Intel Sees Signs of PC Market Bottoming Out, if Not Bouncing Back
However, the company’s CFO Stacy Smith gave the first indication in quite some time that the market for personal computers, which have been declining at rates previously unheard of, may be close to “bottoming out.”
After reporting results for the third quarter that beat expectations, the company issued guidance for the fourth quarter that fell short.
On a conference call with analysts, Smith said that outlook for the fourth quarter “… reflects the caution from our customers due to weak consumer end markets for the PC segment of our business.”
Smith went on to say that Intel is seeing some “positive trends.” Corporate PC buying “strengthened” during the third quarter, he said. And the consumer market for PCs in the U.S. and Europe had “appeared to bottom out.”
Intel’s business of supplying chips to PCs accounted for about 63 percent of its overall revenue in the quarter, so a return to anything resembling health in that segment would be very good news indeed for Intel shareholders.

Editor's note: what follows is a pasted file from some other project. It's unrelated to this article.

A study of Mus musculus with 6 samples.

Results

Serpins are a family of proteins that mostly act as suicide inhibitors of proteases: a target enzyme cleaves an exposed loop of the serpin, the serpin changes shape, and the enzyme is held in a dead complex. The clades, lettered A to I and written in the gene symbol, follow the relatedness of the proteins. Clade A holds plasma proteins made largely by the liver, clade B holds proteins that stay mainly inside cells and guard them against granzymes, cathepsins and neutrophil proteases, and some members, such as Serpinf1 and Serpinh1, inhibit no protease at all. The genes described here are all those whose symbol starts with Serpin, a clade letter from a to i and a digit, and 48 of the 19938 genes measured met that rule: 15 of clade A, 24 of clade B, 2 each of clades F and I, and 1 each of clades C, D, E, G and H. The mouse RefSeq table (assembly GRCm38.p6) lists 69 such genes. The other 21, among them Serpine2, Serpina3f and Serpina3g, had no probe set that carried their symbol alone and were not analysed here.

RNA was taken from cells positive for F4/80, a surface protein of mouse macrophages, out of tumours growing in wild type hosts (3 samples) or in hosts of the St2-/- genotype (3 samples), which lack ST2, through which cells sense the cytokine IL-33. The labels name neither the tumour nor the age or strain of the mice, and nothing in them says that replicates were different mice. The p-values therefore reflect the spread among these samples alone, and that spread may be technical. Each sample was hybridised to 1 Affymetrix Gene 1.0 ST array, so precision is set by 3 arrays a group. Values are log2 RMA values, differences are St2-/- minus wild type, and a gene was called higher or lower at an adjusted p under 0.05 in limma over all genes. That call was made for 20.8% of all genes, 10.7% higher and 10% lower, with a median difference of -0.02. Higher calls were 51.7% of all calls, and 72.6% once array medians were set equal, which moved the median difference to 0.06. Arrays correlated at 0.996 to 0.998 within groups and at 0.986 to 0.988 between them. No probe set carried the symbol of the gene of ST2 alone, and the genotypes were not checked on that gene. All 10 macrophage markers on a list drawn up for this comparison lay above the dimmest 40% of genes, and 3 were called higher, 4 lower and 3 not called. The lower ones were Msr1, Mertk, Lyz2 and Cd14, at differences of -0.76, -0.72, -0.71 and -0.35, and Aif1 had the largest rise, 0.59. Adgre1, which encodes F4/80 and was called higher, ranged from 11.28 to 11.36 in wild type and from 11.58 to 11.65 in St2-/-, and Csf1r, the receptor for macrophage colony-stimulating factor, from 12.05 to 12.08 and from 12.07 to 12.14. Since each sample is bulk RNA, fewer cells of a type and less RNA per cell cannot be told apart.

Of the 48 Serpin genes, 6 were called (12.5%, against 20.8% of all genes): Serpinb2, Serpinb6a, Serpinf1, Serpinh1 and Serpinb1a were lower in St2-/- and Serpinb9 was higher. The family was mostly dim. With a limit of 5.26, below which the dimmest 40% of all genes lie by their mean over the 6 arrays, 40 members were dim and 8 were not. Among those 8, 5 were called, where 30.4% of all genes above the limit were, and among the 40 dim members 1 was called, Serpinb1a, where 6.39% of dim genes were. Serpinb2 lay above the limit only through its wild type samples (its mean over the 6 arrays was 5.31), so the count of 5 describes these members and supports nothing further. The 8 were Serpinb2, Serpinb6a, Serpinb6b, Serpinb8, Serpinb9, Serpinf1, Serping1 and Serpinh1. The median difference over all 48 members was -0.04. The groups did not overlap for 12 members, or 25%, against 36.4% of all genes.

Later, CEO Brian Krzanich said the company expects to see some “stabilization” in mature markets like the U.S. and European countries, while countries like China and others in Asia appeared to be “volatile.”
Last week, market research firms IDC and Gartner both reported steep declines in PC sales during the third quarter from last year.
Intel has been trying to reignite some excitement and also growth in the staid old PC market. Some things have come from pleading patience, but it also hopes to change the discussion around tablets and convertibles that are sometimes tablets and sometimes notebooks because it aims to supply a lot of chips to those kinds of devices.
“We’re actually pretty excited about the rate of innovation we’re seeing in two-in-ones, in convertibles, in OS forms, Android, Chromebooks and Win 8.1,” CEO Brian Krzanich said later on the call. “I’ve been astonished by the amount of innovation and creative designs that are coming,” he said, referring to forthcoming products from Intel customers. “When you talk about the market in general, we’re trying to bring innovation to the PC, but we’re also trying to move into these markets that are growing, like tablets and phones, so our view is that the customers are going to choose their form factors. Tablets are here to stay and we plan to participate.”
Krzanich said that as the latest generation of Intel chips — specifically the Haswell generation of processors — has come to market, the company has already started to see what he called “win back” in share from tablets using non-Intel chips like Apple’s iPad — especially, he said, in the enterprise. “People see the value of having the best of both devices, a tablet and a PC in one.”